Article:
Larger projects will probably feature cross-laminated timbers (CLT) and other dense framing materials. Such projects are being discussed in the U.S., says Killgore, but other countries, including Canada and Australia, already are using CLT.
LP is now participating in a 23,000- sq.-ft. commercial project constructed with 3½-inch-thick solid-strand lumber
used 20 truckloads of strand lumber. It’s a pioneering use of mass timber.”
ELP Options Growing
A variety of ELP are growing in usage. Anthony Forest Products and Rosboro both report growing demand for their treated glulam beams. That has been encouraged by an effort several years ago to ensure standard framing widths were created. “Feedback from builders suggested we were missing business because our products didn’t fit many applications,” explains Rosboro’s Walsh. “We responded, and today, builders and specifiers are beginning to realize that glulam is the perfect product for floor, wall and roof framing.”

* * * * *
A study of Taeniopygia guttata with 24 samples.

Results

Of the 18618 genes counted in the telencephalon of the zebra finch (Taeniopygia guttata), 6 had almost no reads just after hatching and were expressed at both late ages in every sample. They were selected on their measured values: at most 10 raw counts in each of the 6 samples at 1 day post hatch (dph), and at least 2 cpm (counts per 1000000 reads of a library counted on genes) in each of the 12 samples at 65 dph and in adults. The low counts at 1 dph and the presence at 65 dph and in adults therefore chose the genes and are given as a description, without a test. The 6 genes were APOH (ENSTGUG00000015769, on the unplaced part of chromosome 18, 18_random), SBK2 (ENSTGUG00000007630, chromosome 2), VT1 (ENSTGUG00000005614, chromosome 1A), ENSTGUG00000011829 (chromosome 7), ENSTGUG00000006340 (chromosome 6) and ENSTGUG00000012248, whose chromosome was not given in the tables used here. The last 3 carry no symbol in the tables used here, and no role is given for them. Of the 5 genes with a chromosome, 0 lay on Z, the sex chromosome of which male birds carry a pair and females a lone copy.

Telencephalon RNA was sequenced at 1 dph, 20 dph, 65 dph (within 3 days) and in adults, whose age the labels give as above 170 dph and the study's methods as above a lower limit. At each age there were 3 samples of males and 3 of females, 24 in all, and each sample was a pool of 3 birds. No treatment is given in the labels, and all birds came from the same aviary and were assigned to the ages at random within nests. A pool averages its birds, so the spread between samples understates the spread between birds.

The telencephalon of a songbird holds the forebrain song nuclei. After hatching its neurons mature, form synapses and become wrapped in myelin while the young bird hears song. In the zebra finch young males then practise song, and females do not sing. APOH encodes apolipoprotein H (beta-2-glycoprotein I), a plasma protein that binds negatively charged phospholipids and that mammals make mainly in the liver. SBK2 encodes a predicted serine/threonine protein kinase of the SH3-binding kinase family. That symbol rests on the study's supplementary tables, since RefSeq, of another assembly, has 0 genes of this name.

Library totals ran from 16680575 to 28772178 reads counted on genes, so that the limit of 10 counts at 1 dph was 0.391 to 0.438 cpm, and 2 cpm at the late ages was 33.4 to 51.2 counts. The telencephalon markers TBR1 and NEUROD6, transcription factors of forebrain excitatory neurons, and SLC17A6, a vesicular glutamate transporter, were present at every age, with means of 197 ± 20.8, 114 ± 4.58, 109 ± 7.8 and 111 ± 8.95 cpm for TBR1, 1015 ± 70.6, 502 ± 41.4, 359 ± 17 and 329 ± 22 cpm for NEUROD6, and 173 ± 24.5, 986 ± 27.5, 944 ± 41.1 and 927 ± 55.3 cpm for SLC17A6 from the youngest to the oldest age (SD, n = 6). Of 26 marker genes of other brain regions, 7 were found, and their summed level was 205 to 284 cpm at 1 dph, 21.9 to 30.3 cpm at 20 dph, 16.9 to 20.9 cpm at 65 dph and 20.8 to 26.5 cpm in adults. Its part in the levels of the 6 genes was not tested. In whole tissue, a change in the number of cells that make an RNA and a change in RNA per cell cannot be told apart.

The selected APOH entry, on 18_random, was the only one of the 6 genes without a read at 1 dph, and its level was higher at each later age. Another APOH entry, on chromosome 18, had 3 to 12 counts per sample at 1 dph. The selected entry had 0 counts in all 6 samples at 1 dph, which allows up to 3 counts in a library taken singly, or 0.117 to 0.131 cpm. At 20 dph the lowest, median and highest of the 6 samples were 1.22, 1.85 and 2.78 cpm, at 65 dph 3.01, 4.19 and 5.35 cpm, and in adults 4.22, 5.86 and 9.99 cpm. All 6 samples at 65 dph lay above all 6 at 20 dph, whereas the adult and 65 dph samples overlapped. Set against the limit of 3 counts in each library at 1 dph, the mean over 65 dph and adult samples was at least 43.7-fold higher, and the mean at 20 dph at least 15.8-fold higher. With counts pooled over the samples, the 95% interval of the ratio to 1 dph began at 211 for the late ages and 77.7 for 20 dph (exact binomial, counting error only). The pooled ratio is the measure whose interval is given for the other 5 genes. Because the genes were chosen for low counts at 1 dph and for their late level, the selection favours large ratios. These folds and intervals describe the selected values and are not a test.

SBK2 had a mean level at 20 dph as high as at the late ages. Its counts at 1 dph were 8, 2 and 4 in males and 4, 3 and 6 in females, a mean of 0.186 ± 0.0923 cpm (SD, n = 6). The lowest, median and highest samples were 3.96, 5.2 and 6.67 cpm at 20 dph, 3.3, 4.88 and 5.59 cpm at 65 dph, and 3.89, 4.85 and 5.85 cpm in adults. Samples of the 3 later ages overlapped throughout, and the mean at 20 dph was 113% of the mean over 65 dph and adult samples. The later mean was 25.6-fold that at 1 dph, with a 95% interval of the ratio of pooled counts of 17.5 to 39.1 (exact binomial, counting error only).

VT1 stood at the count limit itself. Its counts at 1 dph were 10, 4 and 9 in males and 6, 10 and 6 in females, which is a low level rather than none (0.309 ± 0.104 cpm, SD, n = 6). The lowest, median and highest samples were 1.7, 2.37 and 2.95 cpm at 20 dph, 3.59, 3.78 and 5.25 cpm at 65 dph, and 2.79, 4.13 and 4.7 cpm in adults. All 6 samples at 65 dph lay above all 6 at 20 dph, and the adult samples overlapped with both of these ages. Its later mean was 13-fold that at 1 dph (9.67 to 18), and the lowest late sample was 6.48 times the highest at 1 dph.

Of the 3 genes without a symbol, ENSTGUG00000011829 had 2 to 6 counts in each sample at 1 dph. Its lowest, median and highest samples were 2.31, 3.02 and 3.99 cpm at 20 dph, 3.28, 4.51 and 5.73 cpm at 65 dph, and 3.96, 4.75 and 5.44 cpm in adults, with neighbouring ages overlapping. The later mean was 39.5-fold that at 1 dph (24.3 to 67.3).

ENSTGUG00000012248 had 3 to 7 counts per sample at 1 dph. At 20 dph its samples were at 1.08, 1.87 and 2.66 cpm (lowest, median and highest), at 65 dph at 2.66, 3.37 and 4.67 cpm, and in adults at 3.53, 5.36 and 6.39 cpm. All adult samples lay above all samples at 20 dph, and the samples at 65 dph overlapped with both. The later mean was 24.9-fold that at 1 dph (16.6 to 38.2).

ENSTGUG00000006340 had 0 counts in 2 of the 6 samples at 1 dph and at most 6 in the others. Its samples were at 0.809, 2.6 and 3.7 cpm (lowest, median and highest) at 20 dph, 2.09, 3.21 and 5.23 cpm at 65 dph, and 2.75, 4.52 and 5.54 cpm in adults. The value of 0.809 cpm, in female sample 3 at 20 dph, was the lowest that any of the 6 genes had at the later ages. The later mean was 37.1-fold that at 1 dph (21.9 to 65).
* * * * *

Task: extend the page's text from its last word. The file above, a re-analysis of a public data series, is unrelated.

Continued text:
The demand has made it easier for dealers to stock the products, making them more available, which encourages more demand. “Treated glulam sales have increased dramatically now that builders can have treated beams delivered with the rest of the framing packaging,” Walsh says. Adds Anthony Forest Products’ Stefani, “Pressure-treated glulam is growing quickly. We are using that product to expand into new geographic markets.”
Framing and sheathing choices for tall-wall applications, which are growing more popular, also are evolving with ELP, Rosboro’s Walsh says. “In the past, tall walls were conventionally framed, and that style of construction created ‘hinges’ in the framing that compromised the design,” he explains. “Builders need to run framing from floor to ceiling in one continuous piece, and those members needed to be straight and true. Engineered lumber works well in those applications, and it helps to meet the new code, which is being enforced more aggressively.”
Rimboard also is growing in use, notes Norbord’s McNeill. “Its use is usually tied to the use of I-joists,” he says. “They work together. If a builder is building a smaller house and using dimensional lumber for beams, he’s unlikely to use rimboard.” RoyOMartin’s Byrd agrees. “LVL and rim board are becoming more prevalent in single-family projects,” he says. “The ease of installation, in combination with consistent quality and availability, appear to be driving the products’ growing popularity.”